The Wolves of Midwinter

Sunday, August 07, 2011

Discussion about Danny Boyle's Frankenstein Play Part 1:

   Frankenstein  happens to be one of my favorite novels because it reflects our need for companionship and inclination towards arrogantly knowing everything about the cosmos with certainty. As with the Greek tragedy, Frankenstein shows the dangers of pride. Throughout the Old Testament of the Bible, we are shown the dangers of being prideful. Oftentimes, prideful figures face repercussions that display to them the grave moral dangers of pride.

    Within our modern world, Frankenstein  continues to remain highly relevant. Recently, Danny Boyle deftly directed a London theater adaptation that focused on the universal human theme of disorientation within the world. Fantastically, the play began with a highly symbolic scene where the recently conceived Frankenstein feels unbalanced upon birth. Above him, the stage has countless light bulbs that signifies the one elusive mystery of the force of light. Strangely, its visible through certain scientific processes that allows it to be viewed by other components within our eyes that allows that particular type of energy to be recognized by our brains. Without that ability, would we really see the light? If we didn't have consciousness, would we really perceive that light in the same way that we take for granted daily. We accept that light exists as it is. But, if we were daring enough, we could uncover the more complicated scientific nature of light.

Our life is framed by this mystery. That light brimming above the newly developed Frankenstein shows the equally elusive mystery of our existence. Like light, we are simply visible but questionably existent.     What power beyond ourselves granted us this ability to perceive this existence yet have doubts about it? In us, why do we have cognitive powers that enable us to make things deceptively meaningful? Yet paradoxically, the predominant nihilistic view of things contradicts all meaning by making the universe an accidental, meaningless body of existence.

As Frankenstein begins to explore his existence, he happens upon the cottage where an old man along with his son and wife live. There, Frankenstein makes himself known only to the blind old man. Within these tales, blindness symbolically relates to open mindedness. Having the world's viewpoint, we see things limited and even superficially. Due to the old man's lack of this worldly obtuseness, he accepts Frankenstein initially because he is able to discern past Frankenstein's grotesqueness and realize that Frankenstein is both loving and inquisitive by nature. He hasn't been tainted by the evils of baser feelings yet like vindictiveness, greed, and superficiality. For now, Frankenstein inhabits a state of mind that perhaps the Jew scribes felt that Adam and Eve symbolically inhabited within the Garden of Eden Story.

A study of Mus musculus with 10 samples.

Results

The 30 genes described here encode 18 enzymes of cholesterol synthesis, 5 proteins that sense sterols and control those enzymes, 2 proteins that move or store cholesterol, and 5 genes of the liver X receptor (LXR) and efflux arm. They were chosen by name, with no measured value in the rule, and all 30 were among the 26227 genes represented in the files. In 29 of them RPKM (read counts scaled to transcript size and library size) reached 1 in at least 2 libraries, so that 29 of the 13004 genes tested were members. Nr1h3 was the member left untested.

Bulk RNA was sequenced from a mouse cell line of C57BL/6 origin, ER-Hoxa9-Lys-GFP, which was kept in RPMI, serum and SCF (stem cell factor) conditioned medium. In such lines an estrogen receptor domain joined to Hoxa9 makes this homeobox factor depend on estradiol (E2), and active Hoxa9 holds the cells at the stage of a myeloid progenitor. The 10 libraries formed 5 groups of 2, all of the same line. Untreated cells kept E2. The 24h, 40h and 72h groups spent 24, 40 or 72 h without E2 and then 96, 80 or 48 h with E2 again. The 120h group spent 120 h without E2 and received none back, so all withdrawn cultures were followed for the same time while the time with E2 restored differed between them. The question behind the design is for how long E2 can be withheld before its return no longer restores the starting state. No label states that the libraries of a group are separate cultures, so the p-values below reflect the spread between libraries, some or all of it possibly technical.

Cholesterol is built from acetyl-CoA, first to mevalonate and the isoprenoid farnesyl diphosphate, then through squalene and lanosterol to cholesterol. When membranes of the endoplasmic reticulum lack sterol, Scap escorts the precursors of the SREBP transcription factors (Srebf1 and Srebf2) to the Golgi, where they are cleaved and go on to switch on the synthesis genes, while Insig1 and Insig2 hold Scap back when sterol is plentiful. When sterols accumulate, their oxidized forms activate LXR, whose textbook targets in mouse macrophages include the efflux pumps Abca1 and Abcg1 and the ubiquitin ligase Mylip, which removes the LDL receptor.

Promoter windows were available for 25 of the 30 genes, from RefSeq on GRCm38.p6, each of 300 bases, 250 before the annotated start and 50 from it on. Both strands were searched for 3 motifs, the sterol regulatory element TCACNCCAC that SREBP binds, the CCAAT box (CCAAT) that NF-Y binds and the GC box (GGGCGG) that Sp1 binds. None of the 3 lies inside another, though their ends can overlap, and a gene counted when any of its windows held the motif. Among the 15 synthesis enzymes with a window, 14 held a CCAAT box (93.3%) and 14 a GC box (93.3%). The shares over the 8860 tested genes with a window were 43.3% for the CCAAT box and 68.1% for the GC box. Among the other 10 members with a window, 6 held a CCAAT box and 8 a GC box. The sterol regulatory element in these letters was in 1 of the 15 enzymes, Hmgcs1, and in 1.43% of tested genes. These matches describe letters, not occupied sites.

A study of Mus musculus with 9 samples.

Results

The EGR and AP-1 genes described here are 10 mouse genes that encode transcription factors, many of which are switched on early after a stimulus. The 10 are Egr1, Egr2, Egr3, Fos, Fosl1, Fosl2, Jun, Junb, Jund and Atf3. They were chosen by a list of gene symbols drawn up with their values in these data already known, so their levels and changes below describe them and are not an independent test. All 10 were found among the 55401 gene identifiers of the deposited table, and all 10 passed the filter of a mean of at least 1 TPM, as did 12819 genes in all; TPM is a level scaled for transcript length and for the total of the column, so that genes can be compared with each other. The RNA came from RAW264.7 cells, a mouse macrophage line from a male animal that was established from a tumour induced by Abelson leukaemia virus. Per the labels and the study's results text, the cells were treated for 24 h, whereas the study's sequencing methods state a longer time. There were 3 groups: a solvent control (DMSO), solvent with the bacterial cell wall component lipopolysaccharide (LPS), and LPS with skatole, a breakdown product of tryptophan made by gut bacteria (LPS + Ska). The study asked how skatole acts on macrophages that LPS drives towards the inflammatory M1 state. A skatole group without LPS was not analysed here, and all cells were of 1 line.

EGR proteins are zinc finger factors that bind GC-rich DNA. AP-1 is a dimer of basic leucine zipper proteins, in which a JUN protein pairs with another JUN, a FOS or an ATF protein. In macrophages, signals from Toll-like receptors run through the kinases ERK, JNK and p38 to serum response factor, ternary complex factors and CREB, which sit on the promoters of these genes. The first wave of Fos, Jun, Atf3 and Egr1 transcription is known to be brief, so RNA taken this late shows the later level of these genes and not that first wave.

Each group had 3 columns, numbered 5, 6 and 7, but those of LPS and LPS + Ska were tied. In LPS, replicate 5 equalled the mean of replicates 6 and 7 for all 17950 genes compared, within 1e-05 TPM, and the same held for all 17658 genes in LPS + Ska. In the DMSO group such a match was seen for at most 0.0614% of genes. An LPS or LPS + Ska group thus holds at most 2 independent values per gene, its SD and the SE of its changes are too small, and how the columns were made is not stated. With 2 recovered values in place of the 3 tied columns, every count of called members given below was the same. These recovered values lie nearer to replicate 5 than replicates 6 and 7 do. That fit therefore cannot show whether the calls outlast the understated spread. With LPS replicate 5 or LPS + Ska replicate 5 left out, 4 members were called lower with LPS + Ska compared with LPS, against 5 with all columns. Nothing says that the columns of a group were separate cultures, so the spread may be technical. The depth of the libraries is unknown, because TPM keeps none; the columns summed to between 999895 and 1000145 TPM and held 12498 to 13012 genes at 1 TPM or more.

Within the garden, they could have a thriving life where they were able to inquire and explore their world freely. They viewed the world beyond the surface-level descriptions we limit our worldview like race, religion, political ideology, gender, and sexual orientation. Within their world, there only lived the beauty of human existence and the inexorable world of God's creation. They haven't mired their world yet with greed, pride, or vengeance just yet. As Frankenstein finds himself betrayed by conceited humans, he'll find himself psychologically leaving the serenity of being loved and accepted for someone beyond the superficial level of existence. Aristotle depicts this as the deepest level of friendship that no longer cleaves to the base generalities of  vacuous friendship. Instead, it realizes the opposite person as something of mystery. In Hamlet, there's a wonderful quote that refers to every person being a mystery in of themselves. Frankenstein was treated as a astonishing mystery by the older man therefore Frankenstein can reciprocate those views and experience the ecstasy of recognizing that we are being "known" fully rather than known partially through a stereotype.